About the Cultural Office
The task of the Cultural Office for Pomerania and East Brandenburg at the Pomeranian State Museum is to provide information about the various aspects of culture and history in these regions and to make them known to the broader public. These cross-border regions were shaped by the caesura of the Second World War and an almost complete displacement of the population. Since Poland’s accession to the EU and the extension of the Schengen Agreement, these regions can once again be experienced without borders, which bodes well for an open discussion of history.
On behalf of the Federal Government Commissioner for Culture and Media (BKM), the Cultural Office complements and expands the work of the Pomeranian State Museum. The Cultural Office organises film evenings, excursions, lectures, conferences, readings, book presentations, discussions, theatre performances, and concerts.
The Cultural Office operates on a project-basis and in cooperation with cultural and educational institutions in Germany and Poland. The aim of these activities is to bring people of all ages and various origins into conversation with each other and to sensitise them to their common cultural heritage.
Pomerania is a historical landscape on both sides of the Oder river, stretching from the Darß peninsula almost to the gates of Gdansk, and it can be traced back to the dominion of the Griffin dynasty. The name Pomerania (po more) is of Slavic origin and means “land by the sea”. The region is made up of Western Pomerania (“Vorpommern”), which lies largely west of the Oder river, and East Pomerania (“Hinterpommern”), which lies east of the Oder (today essentially Poland’s West Pomeranian Voivodeship). The centre of the rural region is still the city of Szczecin (German: Stettin).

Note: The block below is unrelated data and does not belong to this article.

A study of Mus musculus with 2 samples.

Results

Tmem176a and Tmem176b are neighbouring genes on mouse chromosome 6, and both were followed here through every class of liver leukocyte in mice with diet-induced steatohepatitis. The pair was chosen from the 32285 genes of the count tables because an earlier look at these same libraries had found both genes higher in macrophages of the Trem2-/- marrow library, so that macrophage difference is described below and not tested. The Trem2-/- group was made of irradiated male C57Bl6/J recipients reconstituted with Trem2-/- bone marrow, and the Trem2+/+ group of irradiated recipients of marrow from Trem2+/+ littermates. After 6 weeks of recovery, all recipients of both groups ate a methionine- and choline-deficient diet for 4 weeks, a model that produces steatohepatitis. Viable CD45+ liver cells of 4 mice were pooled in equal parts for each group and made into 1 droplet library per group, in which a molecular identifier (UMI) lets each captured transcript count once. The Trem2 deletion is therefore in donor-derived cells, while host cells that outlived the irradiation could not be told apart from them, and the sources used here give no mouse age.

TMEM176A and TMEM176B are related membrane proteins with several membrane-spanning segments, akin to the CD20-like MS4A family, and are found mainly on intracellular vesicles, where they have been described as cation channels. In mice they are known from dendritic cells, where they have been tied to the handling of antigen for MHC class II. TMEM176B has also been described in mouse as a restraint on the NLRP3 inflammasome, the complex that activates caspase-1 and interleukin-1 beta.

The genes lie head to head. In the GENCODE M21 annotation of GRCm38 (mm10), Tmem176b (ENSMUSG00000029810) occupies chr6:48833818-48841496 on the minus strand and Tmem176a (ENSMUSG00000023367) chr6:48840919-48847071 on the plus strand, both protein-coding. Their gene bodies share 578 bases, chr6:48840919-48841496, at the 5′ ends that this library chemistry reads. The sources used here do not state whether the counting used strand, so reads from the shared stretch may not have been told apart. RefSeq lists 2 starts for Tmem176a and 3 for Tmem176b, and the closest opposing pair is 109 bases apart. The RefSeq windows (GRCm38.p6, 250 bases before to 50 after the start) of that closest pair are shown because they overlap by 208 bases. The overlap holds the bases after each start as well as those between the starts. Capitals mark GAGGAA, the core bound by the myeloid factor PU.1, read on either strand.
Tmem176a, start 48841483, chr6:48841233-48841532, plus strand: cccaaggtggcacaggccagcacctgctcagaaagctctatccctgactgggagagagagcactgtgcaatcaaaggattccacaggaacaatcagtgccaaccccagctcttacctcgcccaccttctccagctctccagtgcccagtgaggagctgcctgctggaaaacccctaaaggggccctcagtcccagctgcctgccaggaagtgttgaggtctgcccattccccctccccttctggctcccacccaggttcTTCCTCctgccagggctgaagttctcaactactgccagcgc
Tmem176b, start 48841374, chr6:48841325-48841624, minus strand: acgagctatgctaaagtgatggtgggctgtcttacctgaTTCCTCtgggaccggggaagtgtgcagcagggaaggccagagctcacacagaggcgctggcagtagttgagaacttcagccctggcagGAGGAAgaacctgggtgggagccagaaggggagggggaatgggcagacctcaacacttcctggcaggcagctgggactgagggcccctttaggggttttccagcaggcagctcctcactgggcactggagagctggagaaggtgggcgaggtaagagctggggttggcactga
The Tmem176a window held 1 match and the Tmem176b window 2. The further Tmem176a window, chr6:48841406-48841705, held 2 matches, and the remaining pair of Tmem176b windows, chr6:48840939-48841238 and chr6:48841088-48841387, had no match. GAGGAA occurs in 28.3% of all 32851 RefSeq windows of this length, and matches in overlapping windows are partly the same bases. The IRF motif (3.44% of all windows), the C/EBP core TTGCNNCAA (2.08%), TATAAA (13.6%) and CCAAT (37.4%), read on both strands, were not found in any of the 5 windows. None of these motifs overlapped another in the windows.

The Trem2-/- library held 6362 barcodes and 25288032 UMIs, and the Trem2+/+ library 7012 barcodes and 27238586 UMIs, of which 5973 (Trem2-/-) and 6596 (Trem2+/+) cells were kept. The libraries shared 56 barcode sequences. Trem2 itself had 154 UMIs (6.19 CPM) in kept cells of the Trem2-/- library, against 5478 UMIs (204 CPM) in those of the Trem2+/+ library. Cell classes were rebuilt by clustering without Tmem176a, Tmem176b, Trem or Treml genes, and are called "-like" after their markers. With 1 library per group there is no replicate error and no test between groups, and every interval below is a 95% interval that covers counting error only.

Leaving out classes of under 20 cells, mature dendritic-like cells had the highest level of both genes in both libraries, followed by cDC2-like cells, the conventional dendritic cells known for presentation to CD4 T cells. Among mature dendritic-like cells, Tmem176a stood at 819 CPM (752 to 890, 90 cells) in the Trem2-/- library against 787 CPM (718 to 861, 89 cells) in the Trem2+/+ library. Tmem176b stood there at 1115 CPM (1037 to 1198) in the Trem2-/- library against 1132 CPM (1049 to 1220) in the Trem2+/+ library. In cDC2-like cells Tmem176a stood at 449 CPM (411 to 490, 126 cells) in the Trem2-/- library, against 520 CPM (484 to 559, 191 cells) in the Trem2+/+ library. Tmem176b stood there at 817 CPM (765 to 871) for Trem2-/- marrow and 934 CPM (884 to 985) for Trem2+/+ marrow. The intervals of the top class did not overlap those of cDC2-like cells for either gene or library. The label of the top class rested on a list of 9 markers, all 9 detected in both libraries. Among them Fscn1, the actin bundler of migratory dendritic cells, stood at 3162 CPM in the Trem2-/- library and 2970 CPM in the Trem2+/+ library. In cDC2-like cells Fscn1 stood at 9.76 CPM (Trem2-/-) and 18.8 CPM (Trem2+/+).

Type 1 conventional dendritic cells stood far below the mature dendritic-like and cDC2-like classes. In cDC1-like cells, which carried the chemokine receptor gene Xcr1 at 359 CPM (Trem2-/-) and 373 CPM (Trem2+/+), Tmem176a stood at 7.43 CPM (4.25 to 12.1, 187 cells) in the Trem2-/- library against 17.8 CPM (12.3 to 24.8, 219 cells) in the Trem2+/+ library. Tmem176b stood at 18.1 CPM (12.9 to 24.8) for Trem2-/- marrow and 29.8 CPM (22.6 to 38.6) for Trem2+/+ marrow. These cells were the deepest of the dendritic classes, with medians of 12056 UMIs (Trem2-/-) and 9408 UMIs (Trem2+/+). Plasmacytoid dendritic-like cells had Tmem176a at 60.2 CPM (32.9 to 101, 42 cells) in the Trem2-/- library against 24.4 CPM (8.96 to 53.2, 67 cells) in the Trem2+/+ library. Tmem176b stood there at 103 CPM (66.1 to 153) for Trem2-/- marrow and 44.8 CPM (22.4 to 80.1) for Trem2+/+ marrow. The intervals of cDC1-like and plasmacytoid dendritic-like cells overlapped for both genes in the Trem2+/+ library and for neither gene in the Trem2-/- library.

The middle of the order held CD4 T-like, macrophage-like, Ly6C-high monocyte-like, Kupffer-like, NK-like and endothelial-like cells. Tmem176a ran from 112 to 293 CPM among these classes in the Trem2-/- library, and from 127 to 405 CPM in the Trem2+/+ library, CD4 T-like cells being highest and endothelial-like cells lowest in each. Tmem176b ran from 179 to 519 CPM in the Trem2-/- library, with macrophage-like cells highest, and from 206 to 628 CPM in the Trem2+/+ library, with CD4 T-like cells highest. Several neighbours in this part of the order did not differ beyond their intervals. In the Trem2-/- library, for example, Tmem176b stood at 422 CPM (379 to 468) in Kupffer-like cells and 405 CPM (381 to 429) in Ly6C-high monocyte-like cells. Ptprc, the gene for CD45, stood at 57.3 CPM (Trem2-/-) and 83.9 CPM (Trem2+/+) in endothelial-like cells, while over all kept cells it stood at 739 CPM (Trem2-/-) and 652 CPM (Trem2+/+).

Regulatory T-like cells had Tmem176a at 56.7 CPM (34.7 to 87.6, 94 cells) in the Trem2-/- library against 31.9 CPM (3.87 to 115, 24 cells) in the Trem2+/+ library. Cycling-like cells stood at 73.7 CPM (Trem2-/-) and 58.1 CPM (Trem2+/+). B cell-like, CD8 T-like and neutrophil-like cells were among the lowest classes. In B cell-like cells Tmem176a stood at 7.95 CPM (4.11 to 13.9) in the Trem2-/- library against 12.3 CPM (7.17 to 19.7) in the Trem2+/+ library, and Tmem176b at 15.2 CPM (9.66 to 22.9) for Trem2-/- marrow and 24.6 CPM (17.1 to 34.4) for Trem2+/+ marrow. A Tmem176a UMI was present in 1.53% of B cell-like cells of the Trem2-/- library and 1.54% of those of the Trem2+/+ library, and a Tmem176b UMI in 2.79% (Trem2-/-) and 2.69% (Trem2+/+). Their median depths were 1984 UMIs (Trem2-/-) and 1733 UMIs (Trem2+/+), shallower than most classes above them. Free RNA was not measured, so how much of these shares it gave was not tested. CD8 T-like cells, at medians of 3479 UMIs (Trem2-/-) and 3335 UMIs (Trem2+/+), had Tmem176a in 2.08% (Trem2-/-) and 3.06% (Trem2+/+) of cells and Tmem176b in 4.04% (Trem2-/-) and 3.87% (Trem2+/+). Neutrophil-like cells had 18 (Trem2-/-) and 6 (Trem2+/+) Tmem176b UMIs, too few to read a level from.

East Brandenburg is the name given to the districts to the east of the Oder river in the administrative district of Frankfurt (Oder) in the Prussian province of Brandenburg. Essentially, this is the historical Neumark, which today largely belongs to the Voivodeship of Lubusz. The voivodeship was named after the diocese of Lebus. In addition to the Oder and Neisse rivers, the landscape of the former eastern Brandenburg was dominated by the Warthe, Netze, and Drage rivers and their vast marshes. In the east, Brandenburg bordered on the province of Posen or the Frontier March of Posen-West Prussia; in the south, it included parts of Lower Lusatia and bordered on Lower Silesia.
Other Cultural Offices
These eight cultural offices deal with one or more regions in which Germans lived until 1945. Some Germans still live there today. The offices are active in the field of cultural education and outreach, and each has its own funding budget. Their task is to encourage broad-based discussion of the culture and history of the Germans in Eastern Europe, both at home and abroad.